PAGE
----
Tuesday, February 16, 2016

Games in 2015: Winter p1

December: The Order 1886 (PS4), Final Fantasy VII (PS4), Gems of War (PS4).

The game looks like this...all the time. 100%, no jerks or blips or texture errors.
The Order 1886 was a really enjoyable experience. The story takes place in London, and the Knights of the Round Table have survived and protect Britain. You play as Sir Galahad, who fights anti-government rebels and werewolves in this gothic steampunk, Tesla-fueled alternate history. This plot is in the minority of perspectives that is not cynical about government and authority. Mechanically, it uses a polished Gears of War engine, but has very little firefights in between some top-notch cutscenes. After the opening cinematic, the camera kinda starts following one of the characters, and that's when I realized the game's scenes were all rendered in realtime, and absolutely gorgeous.

The first Playstation had a bunch of games where pre-rendered scenes were a lot more fluid, with way better textures, and it was pretty obvious that the game system just couldn't produce graphics at that level. These cutscenes usually took up huge amounts of data, relative to the game, which explains why all those multi-disc games that still had less than half an hour of cinematics. The Playstation 2 generation kept this intact, mostly; DVDs could hold so much more data, and you got cutscenes with graphics way better than the realtime rendering again, this time in higher resolutions. Then the devs got really bold and started having cutscenes with realtime rendering. When my friend told me about Halo 4's graphics, I was pretty excited. The visuals are quite amazing, but he was referring to the pre-rendered cutscenes. Halo 4 has quite amazing cinematics, but I don't personally call those graphics: your Xboxes are simply playing a video file.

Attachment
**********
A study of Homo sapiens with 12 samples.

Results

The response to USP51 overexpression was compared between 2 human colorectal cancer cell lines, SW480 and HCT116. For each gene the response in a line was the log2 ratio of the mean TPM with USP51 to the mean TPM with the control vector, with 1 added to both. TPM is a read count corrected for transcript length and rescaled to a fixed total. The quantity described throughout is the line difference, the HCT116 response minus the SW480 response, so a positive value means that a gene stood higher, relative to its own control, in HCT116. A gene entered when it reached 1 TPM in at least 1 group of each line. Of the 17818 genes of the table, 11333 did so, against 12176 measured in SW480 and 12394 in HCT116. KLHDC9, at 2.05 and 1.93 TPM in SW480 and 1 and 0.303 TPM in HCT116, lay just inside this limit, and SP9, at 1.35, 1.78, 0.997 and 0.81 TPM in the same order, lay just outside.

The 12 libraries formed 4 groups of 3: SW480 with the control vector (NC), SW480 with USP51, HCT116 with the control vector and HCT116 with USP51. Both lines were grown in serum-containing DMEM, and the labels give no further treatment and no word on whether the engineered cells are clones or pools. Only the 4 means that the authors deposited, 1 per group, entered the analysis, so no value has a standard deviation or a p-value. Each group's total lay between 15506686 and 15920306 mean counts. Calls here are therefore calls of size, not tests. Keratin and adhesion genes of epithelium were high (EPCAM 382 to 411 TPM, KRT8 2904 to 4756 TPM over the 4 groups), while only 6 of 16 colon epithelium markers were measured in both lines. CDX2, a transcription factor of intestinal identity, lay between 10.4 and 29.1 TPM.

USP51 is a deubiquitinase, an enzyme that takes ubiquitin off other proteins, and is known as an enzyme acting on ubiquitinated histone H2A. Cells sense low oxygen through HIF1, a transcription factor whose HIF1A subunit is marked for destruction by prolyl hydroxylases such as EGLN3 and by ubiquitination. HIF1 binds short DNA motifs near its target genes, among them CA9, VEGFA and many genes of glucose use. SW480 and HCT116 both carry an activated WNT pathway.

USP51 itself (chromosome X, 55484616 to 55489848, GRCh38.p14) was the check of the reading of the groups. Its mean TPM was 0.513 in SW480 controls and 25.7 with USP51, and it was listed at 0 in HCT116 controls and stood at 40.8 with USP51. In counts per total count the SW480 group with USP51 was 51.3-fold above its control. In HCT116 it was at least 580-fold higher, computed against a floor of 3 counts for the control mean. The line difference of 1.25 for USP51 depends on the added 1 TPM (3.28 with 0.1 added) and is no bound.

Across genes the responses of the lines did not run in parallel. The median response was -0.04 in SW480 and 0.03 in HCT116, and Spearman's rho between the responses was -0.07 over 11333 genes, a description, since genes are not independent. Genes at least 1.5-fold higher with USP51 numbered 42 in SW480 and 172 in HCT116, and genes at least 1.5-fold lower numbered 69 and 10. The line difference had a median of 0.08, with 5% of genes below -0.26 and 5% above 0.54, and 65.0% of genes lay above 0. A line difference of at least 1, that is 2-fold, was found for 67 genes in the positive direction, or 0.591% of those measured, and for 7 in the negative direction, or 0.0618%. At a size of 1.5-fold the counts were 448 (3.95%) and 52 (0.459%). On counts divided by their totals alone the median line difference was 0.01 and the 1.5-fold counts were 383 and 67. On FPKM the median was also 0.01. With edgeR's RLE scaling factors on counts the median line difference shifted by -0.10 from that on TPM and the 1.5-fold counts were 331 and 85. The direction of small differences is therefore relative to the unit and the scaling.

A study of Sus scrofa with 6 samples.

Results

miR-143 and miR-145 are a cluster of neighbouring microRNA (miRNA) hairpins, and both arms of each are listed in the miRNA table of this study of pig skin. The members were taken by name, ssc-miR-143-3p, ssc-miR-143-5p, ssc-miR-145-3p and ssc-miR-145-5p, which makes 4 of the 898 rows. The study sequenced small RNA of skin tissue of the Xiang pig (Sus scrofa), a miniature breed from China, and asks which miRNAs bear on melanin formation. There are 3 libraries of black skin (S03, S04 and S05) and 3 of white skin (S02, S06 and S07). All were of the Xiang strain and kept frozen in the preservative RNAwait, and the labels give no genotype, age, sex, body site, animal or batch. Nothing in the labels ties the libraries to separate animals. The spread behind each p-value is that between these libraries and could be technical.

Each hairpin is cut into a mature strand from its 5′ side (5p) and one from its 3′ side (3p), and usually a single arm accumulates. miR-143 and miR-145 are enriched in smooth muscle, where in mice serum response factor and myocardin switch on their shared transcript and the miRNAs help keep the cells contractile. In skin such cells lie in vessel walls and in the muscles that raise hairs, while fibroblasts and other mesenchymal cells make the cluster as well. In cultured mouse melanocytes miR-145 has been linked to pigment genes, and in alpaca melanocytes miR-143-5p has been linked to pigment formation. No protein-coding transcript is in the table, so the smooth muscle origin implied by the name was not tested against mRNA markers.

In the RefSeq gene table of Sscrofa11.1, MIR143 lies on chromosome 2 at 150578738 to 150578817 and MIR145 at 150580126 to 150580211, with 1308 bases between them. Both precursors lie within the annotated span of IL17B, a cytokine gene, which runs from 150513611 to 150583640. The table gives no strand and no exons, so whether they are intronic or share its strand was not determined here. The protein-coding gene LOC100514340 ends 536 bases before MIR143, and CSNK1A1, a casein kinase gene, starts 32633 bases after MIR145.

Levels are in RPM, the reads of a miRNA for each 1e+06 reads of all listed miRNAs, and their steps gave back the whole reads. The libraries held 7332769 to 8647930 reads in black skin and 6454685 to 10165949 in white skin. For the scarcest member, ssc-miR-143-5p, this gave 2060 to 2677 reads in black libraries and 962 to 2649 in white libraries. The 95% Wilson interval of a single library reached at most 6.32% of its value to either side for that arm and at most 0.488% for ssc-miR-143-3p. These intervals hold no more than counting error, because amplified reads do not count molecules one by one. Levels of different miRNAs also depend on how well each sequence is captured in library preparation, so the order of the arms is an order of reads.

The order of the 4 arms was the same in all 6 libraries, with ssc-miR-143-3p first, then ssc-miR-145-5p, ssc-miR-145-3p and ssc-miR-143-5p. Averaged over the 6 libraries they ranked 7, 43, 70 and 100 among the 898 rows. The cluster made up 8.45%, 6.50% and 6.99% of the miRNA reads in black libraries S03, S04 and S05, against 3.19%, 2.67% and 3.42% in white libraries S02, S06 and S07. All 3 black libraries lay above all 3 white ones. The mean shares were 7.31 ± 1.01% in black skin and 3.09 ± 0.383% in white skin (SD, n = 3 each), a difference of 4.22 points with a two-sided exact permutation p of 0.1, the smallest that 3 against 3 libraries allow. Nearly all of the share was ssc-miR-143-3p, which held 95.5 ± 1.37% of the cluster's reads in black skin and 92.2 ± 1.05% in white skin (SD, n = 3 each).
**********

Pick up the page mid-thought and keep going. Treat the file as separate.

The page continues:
The Order has realtime cutscenes, meaning your Playstation is capable of keeping those rich textures and details throughout the whole experience. I stopped for a half hour and fiddled around in Tesla's laboratory because the intricacy of all the gadgets and projects was so distracting and breathtaking. This game doesn't have much replay value, but that doesn't mean it isn't worth your time; please play this game.

Final Fantasy VII still holds up as my favorite game overall. The soundtrack is what shuts out all other competition. Nostalgia helps a lot, and I have written a whole entry to this game's story.

*boring voice* MANA SURRRGE!
Gems of War is an amazing freeware gem-matching game. Mobile games are dogshit, and this game almost behaves like one: the matches/rounds/levels last 3-5 minutes, and the game's graphics consist of moving cards and overlaid effects. Each color of gem you match gains you that color mana, which your troops use to cast spells and destroy the other team. You gain XP, gold or souls after every match. As your character levels with XP,  Each match costs gold to play, but your winnings are usually about 3 times this cost. Gold is also used to buy kingdoms, which provide a daily gold bonus. Souls are used to level your troops, which help you win more! The main reason this games is awesome is because you very quickly grow out of time penalties.

Why ohh why do you only have one music track?
Most free mobile games are built to take your money. They do this by having some bullshit mechanic that either suddenly ramps up difficulty, or makes recovering resources very time-consuming. Mobile gamers usually don't mind spending a buck to save a few hours' recharge time. If you really suck at Gems of War, the penalty is a few hours before your kingdom generates you some gold. The reality is that the 3 of us in my friends circle have never had this happen...the game pushes you along, with decent payoffs for victory, and you keep playing. The antithesis of this game is Frozen: Free Fall. It's also a free, gem-matching game. The bullshit mechanic is that every 4 hours or so, you get 10 lives. It costs 1 life to play a round, win or lose. You can't win lives, and most of the levels have either a fixed amount of moves, or your board starts in one configuration and your first dozen moves are already programmed. It works for mobile gamers because they just want a few minutes of entertainment. It's a little harder to fool console gamers; when we sit down to play games, it's clear we're not going anywhere for a while.